Going to Scale

03/31/2003 | 26 min |


How can proven nonprofit programs increase their reach? Drawing upon lessons learned by nonprofits such as Jumpstart, City Year, and STRIVE, this article explores how the nonprofit leaders can think about the decision to replicate and what steps they can take to help their replication initiatives succeed.
Homelessness, illiteracy, chronic unemployment: nonprofits struggle to address society’s most intractable problems. And yet, as Bill Clinton noted, in reviewing school reform initiatives during his presidency, “Nearly every problem has been solved by someone, somewhere.” The frustration is that “we can’t seem to replicate [those solutions] anywhere else.”[1]

With a few exceptions, the nonprofit sector in the United States is comprised of cottage enterprises—thousands upon thousands of programs, each operating in a single neighborhood, in a single city or town. Often, this may be the most appropriate form of organization, but in some—perhaps many—cases, it represents a substantial loss to society overall. Time, funds, and imagination are poured into new programs that at best reinvent the wheel, while the potential of programs that have already proven their effectiveness remains sadly underdeveloped.

One impediment to replication is the prevailing bias among funders to support innovative, “breakthrough” ideas.[2] Another is the fact that, for many people, the concept conjures up images of bureaucracy and centralized control. Such images are uninviting in any sphere, but they are especially problematic in the nonprofit sector, where local “ownership” by donors and volunteers plays such an important part in organizational success. Add in the fact that for many social entrepreneurs, autonomy is an important form of psychic income, and it becomes easy to understand why implementing someone else’s dream tends not to be nearly as satisfying as building one’s own.

In practice, however, replication is anything but a cookie-cutter process. The objective is to reproduce a successful program’s results, not to slavishly recreate every one of its features. At the heart of replication is the movement of an organization’s theory of change to a new location. In some cases, this might entail transferring a handful of practices from one site to another; in others, the wholesale cloning of the organization’s culture. Whatever the specifics, the right choice—including whether to replicate at all—will be strongly influenced by the complexity of the organization’s theory of change and the degree to which it can be articulated and standardized.[3]

Before turning to replication in the social sector, however, it is worth spending a moment on its for-profit sector analogue, franchising. Born in the 1920s, the franchise has become one of the dominant organization forms of our time, accounting today for roughly 50 percent of all U.S. retail sales. Franchise organizations align the energy and investment of local entrepreneurs with the strength of a network that may encompass hundreds or even thousands of units operating under the same trademark in different locations. While there are sharp differences between the forprofit and nonprofit sectors, which limit the analogy, franchising offers some thought-provoking lessons for social enterprises seeking to grow.[4]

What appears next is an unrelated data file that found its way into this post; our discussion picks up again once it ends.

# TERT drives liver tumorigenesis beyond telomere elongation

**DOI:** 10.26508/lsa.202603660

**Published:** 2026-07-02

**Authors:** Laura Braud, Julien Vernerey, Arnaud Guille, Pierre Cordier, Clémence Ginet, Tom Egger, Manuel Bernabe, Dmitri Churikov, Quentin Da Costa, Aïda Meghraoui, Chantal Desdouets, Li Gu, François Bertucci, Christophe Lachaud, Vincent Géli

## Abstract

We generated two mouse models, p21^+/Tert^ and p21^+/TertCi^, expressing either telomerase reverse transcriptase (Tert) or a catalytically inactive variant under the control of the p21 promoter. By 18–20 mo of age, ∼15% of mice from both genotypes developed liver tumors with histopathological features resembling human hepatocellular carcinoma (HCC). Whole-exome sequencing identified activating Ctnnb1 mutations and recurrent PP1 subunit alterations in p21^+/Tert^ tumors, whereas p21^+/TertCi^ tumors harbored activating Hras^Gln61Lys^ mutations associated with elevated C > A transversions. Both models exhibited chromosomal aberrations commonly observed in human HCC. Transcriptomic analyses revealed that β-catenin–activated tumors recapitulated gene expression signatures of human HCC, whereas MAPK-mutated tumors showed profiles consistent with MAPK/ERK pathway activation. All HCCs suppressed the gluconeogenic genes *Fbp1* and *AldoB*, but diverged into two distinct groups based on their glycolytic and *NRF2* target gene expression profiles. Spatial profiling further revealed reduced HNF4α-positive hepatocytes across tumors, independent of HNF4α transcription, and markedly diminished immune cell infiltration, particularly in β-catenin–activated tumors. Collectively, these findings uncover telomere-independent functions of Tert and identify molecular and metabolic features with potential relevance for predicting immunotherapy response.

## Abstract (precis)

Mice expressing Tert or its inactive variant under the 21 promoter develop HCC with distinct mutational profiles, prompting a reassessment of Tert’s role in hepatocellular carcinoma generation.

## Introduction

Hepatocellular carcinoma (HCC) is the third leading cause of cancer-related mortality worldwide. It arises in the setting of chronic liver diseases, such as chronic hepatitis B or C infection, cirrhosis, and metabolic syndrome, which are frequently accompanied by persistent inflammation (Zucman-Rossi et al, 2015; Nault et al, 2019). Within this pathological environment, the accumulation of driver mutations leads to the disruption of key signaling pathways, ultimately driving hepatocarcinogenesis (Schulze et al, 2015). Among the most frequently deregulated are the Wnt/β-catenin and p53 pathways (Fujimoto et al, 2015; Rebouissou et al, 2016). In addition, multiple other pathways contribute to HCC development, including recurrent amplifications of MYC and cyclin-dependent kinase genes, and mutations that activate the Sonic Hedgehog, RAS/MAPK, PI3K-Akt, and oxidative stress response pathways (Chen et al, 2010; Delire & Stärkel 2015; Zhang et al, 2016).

First is the value of a proven program. Leveraging the knowledge developed by someone else can enable a new site to increase the speed of implementation and the odds of obtaining the desired outcomes. Independent start-ups in the for-profit sector face a much higher failure rate than new units in a franchise chain. The Small Business Administration estimates that approximately half of all small business start-ups fail within five years. The comparable rate for franchise units is half that, or about 25 percent. Quite simply, replication can reduce the risk of failure.

Adopting a recognized model can also make it easier to attract resources. A well-known franchise will attract customers even in a new market, because they associate the brand name with deliverables they know they can count on. Comparable benefits can accrue in the nonprofit sector. For example, prospective Habitat for Humanity volunteers know what the organization is trying to do, what to expect when they volunteer, and what the results of their work will be. Likewise, prospective donors, who want to be sure their gifts will have an impact, know that the organization is building on the experience of others who have used the same program successfully.

Finally, by virtue of being part of a larger system, local programs may gain access to resources and expertise in areas such as fundraising, human resources, and legal services that might be unaffordable for a single unit. They will also be able to tap into ideas and knowledge generated by other sites. A network provides a natural environment for experimentation and learning. McDonald’s Big Mac, Filet-O-Fish, and Egg McMuffin were all innovations conceived by local franchisees. Similarly, City Year’s Young Heroes program, which engages middle-school students in service and has spread throughout the system, was developed in Providence, R.I., not at the organization’s headquarters in Boston.

The core of a franchise is a proven (which is to say a profitable) business idea that can be replicated in multiple sites. What makes replicating social ideas so complicated, and how can the key issues be addressed?